What Came After Spinsters
By Jared KlegarSeptember 21, 2023
Still, she was writing. And, removed from the pressures of the academy, the practice of writing itself had shifted, for Hopper, from “professional obligation to something that felt much more expressive and exploratory.” She was writing what she felt like writing, not what she thought would further her scholarly career.
And so, naturally, one of the essays she wrote during this period ended up doing just that. After LARB published “On Spinsters,” the piece began to make the rounds online. Soon followed a cavalcade of blessings. First, Hopper received (and continues to receive) kind messages from readers, some of whom were famous (Rebecca Traister! Elif Batuman!) and one of whom was legendary literary agent Rob McQuilkin, who represents writers such as Ada Limón and Jesmyn Ward. McQuilkin, whose initial Facebook message Hopper almost missed—“I was getting a lot of messages at that point,” she explained—helped her secure a book deal at Bloomsbury, which became her debut essay collection Hard to Love, which in turn qualified her to apply for a job at Queens College, CUNY. Today, she is an associate professor there and assistant director of the MFA program. “I am maybe simultaneously a cautionary tale and a sign not to give up,” Hopper said.
Why did “On Spinsters” go viral? For a start, it’s kind of a pan, and who (besides the author being lambasted) doesn’t love a good pan, or at least something that cuts through all the vague positivities? Evisceration begets virality in our attention economy, certainly—except Hopper does not eviscerate. In fact, she’s fair, with a healthy dose of biting humor. The essay’s opening sentence is charitable: “I expected to like Kate Bolick’s recent book Spinster.” Only later, when Hopper writes about Bolick’s surprising choice to organize a narrative about spinsterhood around the biographies of five (largely red-headed) women writers who all got married, does she quip, “I would have enjoyed Spinster a lot more if it had been titled Red-Headed Writers or Dating and Divorce.” But Hopper levels this critique because “Bolick’s small and not especially spinster-based archive radically limits the potential of her book, both culturally and politically.” Which is to say: Hopper’s is a review undergirded not by spite, but by an abiding sense of care and generosity.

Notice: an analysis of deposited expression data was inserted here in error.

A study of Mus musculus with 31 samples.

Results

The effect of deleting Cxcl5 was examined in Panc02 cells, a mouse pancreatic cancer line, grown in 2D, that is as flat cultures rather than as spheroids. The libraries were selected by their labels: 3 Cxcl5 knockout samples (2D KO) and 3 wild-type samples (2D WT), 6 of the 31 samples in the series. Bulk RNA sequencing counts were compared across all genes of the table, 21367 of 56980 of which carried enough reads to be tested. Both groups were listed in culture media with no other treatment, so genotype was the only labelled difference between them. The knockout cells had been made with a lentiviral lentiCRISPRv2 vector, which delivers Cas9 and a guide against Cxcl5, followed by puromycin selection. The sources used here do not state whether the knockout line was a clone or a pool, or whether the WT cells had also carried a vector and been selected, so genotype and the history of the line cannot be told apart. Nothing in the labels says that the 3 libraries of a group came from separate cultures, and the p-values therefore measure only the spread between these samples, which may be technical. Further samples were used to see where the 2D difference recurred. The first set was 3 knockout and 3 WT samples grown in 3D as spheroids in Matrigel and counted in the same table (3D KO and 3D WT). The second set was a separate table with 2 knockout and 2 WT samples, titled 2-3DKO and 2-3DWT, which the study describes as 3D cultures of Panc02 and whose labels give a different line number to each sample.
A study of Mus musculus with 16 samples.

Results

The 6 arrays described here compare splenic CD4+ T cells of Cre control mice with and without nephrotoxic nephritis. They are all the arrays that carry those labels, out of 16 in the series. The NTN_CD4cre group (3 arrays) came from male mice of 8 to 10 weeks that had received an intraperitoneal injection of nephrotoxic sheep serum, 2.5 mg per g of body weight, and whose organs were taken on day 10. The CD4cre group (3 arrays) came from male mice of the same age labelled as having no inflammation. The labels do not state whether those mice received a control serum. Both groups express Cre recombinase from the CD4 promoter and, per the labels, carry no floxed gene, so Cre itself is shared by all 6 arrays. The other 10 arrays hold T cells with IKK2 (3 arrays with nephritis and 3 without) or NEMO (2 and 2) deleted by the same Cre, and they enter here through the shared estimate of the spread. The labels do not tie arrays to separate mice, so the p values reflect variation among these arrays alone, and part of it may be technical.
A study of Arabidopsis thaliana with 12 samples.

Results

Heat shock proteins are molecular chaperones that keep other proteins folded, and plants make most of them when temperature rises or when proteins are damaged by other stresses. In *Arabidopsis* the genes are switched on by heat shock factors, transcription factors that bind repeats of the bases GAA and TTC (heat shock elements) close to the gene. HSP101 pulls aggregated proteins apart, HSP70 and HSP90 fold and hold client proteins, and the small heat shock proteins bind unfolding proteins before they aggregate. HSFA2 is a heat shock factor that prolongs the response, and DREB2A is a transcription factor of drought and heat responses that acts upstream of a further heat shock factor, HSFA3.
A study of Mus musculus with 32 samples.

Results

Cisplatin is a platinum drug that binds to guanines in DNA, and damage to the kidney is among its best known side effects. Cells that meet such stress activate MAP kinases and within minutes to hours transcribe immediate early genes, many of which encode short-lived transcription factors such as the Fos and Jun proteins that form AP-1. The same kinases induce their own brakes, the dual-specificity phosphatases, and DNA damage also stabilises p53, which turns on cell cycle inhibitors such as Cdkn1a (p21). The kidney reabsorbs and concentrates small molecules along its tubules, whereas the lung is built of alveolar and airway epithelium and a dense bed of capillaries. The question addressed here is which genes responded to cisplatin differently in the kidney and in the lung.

“On Spinsters” is only “kind of” a pan because it’s more apt to call it a corrective. Hopper doesn’t just gesture to Bolick’s blind spots; she fills them in. She supplies nuance where Bolick has left behind “anachronistic absolutes.” She makes room for the spinsters who are “weird, difficult, dissonant, queer.” And she shares the mic with other spinsters, quoting and linking to their words, spinning, in consequence, an entire centuries-spanning syllabus of spinster literature.
Toward the end of the essay, Hopper writes, “I don’t know what the future holds for me and the rest of my spinster sisterhood,” and it’s heartening to read now, with the knowledge of all that the future did hold for Hopper—a dramatic irony where triumph, not tragedy, awaits our spinster heroine.
The essay, the agent, the book, the job. And then, in the most ironic twist: the fan who wrote to Hopper about Hard to Love—in which “On Spinsters” was re-published—and who is currently her boyfriend of three-and-a-half years. Before they started dating, she had been single for 15. The moral, Hopper told me, laughing, is that “you have to be careful what you write.”
“But,” she added, “I still stand by what I wrote. I still believe in more expansive definitions of love and community.”